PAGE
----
The holiday-time of elves, witches, and ghosts is Hallowe'en. It is not believed in here except by some children, who people the dark with bogies who will carry them away if they are naughty.
Join me on a journey back to the 19th Century, where Halloween was very much a part of life - and belief. On this page we will focus on American beliefs, traditions and celebrations, more particularly relating to witches and the decor for such Halloween festivities.
Let us commence our journey.
In Colonial days Halloween (ye olde Halloween was actually spelled Hallowe'en) was not celebrated much in America. Some English still kept the customs of the old world, such as apple-ducking and snapping, and girls tried the apple-paring charm to reveal their lovers' initials, and the comb-and-mirror test to see their faces. Ballads were sung and ghost-stories told, for the dead were thought to return on Halloween.
Elves, goblins, and fairies were native on American soil. The Indians believed in evil manitous, some of whom were water-gods who exacted tribute from all who passed over their lakes. Henry Hudson and his fellow-explorers haunted as mountain-trolls the Catskill range. Like Ossian and so many other visitors to the Otherworld, Rip Van Winkle was lured into the strange gathering, thinks that he passes the night there, wakes, and goes home to find that twenty years have whitened his hair, rusted his gun, and snatched from life many of his boon-companions.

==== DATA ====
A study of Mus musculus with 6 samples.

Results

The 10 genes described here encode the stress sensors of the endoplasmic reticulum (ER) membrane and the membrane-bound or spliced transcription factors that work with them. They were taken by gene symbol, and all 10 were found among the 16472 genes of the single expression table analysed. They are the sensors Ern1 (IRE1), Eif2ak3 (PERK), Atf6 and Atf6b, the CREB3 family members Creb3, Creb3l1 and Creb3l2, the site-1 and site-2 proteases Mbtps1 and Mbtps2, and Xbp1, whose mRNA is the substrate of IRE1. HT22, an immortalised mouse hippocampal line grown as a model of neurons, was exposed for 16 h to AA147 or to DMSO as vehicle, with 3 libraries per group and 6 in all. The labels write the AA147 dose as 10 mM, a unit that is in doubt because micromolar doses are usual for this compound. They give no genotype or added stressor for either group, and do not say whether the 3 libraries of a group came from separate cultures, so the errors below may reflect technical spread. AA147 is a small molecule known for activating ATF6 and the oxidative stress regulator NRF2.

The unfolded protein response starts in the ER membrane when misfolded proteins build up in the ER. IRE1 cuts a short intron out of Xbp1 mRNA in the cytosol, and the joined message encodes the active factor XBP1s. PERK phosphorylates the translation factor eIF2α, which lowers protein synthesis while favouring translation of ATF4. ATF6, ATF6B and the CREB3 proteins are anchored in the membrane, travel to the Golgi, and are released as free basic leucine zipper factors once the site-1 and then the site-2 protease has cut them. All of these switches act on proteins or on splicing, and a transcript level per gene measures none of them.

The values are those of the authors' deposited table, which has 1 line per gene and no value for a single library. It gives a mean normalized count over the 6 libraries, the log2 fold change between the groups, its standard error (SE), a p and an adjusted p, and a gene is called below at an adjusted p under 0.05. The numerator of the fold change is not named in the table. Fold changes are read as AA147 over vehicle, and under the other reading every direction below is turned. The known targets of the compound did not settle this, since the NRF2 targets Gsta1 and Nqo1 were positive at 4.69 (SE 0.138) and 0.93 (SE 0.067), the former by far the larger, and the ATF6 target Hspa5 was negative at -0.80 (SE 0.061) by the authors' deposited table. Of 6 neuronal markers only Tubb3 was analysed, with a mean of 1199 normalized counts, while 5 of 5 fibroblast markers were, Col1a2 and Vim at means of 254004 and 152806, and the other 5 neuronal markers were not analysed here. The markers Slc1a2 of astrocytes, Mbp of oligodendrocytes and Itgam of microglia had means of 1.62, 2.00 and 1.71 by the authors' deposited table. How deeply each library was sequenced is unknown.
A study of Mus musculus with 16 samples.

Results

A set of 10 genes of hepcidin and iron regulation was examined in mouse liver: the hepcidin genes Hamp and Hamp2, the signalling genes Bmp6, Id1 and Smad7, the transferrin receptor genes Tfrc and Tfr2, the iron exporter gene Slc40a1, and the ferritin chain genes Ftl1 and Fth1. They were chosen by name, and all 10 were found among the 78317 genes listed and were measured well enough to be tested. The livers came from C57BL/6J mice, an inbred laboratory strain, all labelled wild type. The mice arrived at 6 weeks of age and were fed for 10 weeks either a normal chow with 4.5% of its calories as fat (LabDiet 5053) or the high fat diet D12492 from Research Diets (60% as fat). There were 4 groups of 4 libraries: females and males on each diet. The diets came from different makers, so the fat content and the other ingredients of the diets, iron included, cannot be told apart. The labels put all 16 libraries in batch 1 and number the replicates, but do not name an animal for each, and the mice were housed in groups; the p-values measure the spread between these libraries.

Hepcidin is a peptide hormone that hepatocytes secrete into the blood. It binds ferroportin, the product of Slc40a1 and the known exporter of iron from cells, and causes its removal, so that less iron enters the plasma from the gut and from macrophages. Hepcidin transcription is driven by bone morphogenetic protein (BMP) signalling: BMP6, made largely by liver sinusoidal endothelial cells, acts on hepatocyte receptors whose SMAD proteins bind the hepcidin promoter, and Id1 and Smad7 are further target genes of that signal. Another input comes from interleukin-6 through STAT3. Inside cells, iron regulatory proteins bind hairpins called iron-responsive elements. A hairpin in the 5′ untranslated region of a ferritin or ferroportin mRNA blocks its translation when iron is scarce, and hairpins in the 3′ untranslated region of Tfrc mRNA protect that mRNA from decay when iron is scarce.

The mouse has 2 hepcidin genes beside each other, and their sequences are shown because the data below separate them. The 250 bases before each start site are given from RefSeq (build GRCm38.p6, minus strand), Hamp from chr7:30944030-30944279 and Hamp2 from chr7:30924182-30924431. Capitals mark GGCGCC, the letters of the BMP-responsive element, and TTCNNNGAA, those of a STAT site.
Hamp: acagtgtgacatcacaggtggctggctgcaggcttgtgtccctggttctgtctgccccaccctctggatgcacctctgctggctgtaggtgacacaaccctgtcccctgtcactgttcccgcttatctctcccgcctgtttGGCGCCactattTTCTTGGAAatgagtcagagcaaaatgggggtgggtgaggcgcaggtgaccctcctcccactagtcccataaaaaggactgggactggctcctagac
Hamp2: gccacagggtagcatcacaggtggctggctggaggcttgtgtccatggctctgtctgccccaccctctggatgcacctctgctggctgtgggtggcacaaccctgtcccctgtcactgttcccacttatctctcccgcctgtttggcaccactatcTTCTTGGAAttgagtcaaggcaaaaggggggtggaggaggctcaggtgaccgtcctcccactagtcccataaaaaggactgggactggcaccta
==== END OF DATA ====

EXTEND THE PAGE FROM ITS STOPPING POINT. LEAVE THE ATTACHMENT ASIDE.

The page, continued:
While the original customs of Hallowe'en are being forgotten more and more across the ocean, Americans have fostered them, and are making this an occasion something like what it must have been in its best days.
All Halloween customs in the USA were borrowed directly or adapted from those of other countries. All superstitions, everyday ones, and those pertaining to Christmas and New Year's, have special value on Halloween. Of course now the extent and variation of celebrations extend far beyond what one would have imagined,
Halloween is a night of ghostly and merry revelry. Mischievous spirits choose it for carrying off gates and other objects, and hiding them or putting them out of reach.
"Dear me, Polly, I wonder what them boys will be up to to-night. I do hope they'll not put the gate up on the shed as they did last year." Wright: Tom's Halloween Joke.
Bags filled with flour sprinkle the passers-by. Door-bells are rung and mysterious raps sound on doors, things thrown into halls, and knobs stolen. Such innocent antics mean no more at Halloween than the tricks played the night before the Fourth of July have to do with the Declaration of Independence.
Parties were prepared for in secret. Guests were not to divulge the fact that they were invited. Often they came masked, as ghosts or witches.